I’m thrilled to have my short story, Billy Echo, up at Electric Literature’s “The Outlet” blog.
We all forgave Billy his silences because, truth be told, understanding him was a few yards past impossible. His first words were “Gimme gimme,” not because he said it twice but because the echo was already there. At first no one noticed. Some thought it a stutter. His grandmother, the first to see his lips didn’t move with his words, said, “That boy’s not right.” She said that about most, so it was ignored. But by the time Billy and I had reached our double-digit years, by the time we noticed girls and their differences and how we might feel about them, the echo had gotten worse, words overlapping from the moment he started the first syllable. Billy gave up on talking much at all.
A Life Bound By Books invited me to share a true paranormal tale. You can read it here. To make it even more horrific, you can win a copy of Numb. I know: creepy. And torturous. And uncalled for.
I was thrilled to be interviewed by Benjamin Opipari for his ongoing investigation into writers’ processes.
This post by my agent got me thinking about the role of assistants and interns in the publishing world. Seems that an intern at a agency was tweeting her comments about submissions. Why would she do that? None of her tweets were especially helpful for others thinking of submitting work. They were… what were they? About her. To get attention. To make sure people gave her thanks.
The interns I know do the work without thanks, or kudos, or glory. They want to be a part of bookmaking.
I had a wonderful conversation with an agency intern because he is undergoing the heavy debate of whether or not to enter an MFA program. He loves writing. He wants to be good at it. He thinks about it and cares about it and worries about it. THIS IS THE TYPE OF PERSON YOU WANT READING YOUR WORK. He isn’t looking for thanks. He’s looking for good writing.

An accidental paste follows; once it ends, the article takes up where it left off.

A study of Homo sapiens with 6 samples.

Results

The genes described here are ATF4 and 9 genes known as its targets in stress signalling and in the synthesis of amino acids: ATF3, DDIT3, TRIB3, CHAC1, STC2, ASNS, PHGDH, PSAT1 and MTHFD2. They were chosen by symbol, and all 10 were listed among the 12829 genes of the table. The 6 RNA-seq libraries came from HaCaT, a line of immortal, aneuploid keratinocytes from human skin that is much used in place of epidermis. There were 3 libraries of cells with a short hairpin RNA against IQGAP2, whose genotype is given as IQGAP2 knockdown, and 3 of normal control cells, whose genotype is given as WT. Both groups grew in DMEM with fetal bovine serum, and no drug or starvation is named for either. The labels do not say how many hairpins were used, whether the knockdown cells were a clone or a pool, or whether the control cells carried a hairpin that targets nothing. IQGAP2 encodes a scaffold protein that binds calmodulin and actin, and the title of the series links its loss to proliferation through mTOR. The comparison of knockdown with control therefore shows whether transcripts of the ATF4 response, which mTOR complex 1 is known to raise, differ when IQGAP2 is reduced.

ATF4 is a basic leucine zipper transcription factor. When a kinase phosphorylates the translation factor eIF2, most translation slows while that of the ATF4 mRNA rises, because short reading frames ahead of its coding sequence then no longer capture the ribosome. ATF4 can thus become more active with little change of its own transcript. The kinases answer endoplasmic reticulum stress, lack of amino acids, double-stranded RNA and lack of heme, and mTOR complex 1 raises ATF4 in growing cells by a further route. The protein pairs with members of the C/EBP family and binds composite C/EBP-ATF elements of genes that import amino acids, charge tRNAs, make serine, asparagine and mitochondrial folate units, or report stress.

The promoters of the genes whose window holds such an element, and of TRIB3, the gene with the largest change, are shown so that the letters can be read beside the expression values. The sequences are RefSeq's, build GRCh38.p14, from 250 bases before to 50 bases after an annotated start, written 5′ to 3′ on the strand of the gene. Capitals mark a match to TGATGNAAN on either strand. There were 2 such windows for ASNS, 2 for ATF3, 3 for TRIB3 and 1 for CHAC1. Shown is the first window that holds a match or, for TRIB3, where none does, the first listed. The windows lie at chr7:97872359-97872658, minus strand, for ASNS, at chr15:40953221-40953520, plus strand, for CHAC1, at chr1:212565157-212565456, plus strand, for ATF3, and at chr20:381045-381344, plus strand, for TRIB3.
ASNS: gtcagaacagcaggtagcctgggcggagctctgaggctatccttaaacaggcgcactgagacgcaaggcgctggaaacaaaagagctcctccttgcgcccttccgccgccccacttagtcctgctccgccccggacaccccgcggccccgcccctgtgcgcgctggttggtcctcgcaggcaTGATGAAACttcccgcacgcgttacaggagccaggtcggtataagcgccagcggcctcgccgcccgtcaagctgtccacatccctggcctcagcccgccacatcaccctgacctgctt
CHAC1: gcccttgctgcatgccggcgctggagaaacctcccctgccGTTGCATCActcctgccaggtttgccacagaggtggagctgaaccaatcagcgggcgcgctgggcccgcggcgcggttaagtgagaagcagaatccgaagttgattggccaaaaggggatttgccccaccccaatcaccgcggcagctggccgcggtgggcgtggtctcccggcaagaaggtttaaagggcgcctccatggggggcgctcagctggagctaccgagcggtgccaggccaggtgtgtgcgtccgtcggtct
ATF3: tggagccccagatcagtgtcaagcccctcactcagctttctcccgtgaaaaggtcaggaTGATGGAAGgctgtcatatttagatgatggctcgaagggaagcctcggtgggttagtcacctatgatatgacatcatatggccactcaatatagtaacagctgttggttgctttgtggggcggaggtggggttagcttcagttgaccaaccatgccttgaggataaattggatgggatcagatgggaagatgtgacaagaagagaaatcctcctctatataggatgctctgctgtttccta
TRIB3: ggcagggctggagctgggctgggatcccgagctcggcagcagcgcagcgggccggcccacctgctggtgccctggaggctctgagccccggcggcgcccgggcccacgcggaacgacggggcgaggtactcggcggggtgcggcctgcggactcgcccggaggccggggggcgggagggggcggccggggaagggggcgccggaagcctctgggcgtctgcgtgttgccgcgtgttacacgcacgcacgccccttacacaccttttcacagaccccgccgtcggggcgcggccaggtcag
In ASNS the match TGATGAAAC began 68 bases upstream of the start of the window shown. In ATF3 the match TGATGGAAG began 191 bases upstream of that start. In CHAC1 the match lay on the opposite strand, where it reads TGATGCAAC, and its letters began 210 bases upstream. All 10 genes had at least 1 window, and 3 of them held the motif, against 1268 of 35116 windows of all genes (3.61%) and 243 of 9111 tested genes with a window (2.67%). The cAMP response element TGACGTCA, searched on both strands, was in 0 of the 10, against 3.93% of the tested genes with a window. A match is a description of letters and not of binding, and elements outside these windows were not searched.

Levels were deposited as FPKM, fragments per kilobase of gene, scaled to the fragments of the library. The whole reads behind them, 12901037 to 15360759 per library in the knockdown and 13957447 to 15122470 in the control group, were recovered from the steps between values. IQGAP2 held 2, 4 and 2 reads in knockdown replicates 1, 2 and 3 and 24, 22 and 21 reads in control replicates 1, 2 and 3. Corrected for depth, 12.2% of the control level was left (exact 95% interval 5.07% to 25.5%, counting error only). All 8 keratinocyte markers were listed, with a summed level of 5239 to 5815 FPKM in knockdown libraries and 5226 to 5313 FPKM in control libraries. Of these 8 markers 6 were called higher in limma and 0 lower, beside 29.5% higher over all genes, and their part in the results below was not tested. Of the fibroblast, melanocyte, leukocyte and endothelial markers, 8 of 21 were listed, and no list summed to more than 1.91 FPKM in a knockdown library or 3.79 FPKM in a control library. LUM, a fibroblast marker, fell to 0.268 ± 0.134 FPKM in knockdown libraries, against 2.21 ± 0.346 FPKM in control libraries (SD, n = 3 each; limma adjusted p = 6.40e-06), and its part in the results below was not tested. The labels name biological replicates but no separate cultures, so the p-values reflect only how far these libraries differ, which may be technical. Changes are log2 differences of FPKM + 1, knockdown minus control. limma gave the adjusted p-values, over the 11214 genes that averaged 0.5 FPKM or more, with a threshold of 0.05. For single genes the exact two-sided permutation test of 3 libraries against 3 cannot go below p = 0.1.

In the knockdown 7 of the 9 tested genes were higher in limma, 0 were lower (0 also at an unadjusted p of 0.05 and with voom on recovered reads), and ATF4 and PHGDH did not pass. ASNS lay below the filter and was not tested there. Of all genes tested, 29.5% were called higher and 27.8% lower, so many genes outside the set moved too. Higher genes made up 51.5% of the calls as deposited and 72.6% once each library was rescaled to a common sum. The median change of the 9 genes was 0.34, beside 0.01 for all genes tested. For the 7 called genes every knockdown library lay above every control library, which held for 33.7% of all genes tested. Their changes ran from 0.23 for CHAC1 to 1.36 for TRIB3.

I attended BEA and walked from the convention center to a restaurant with my agent and her assistant, a former intern. My agent and I were looking for drinks. Her assistant was looking for more books. She was carrying about forty pounds of books as we walked all over the west side of Manhattan looking for chicken wings and Kamikazes. THIS IS THE TYPE OF PERSON YOU WANT READING YOUR WORK.
I read at the Brooklyn Book Festival and after the reading a gaggle of people arrived at the signing table. At the head of the group was my agent’s former assistant, a former intern, now a brilliant agent in her own right. She is a person who spends HOURS reading that other people spend watching television, dawdling, or, heaven forbid, simply lazing about. THIS IS THE TYPE OF PERSON YOU WANT READING YOUR WORK.
None of them tweet their comments about submissions. None of them look for someone to shine a light on them. They are about the books, the writing, the people who are involved in the process who care so much about what books can be that they forget to try and shine themselves.
And that is what makes them shine.
I am thankful every single day that I have an agent who is supported by such brilliant people.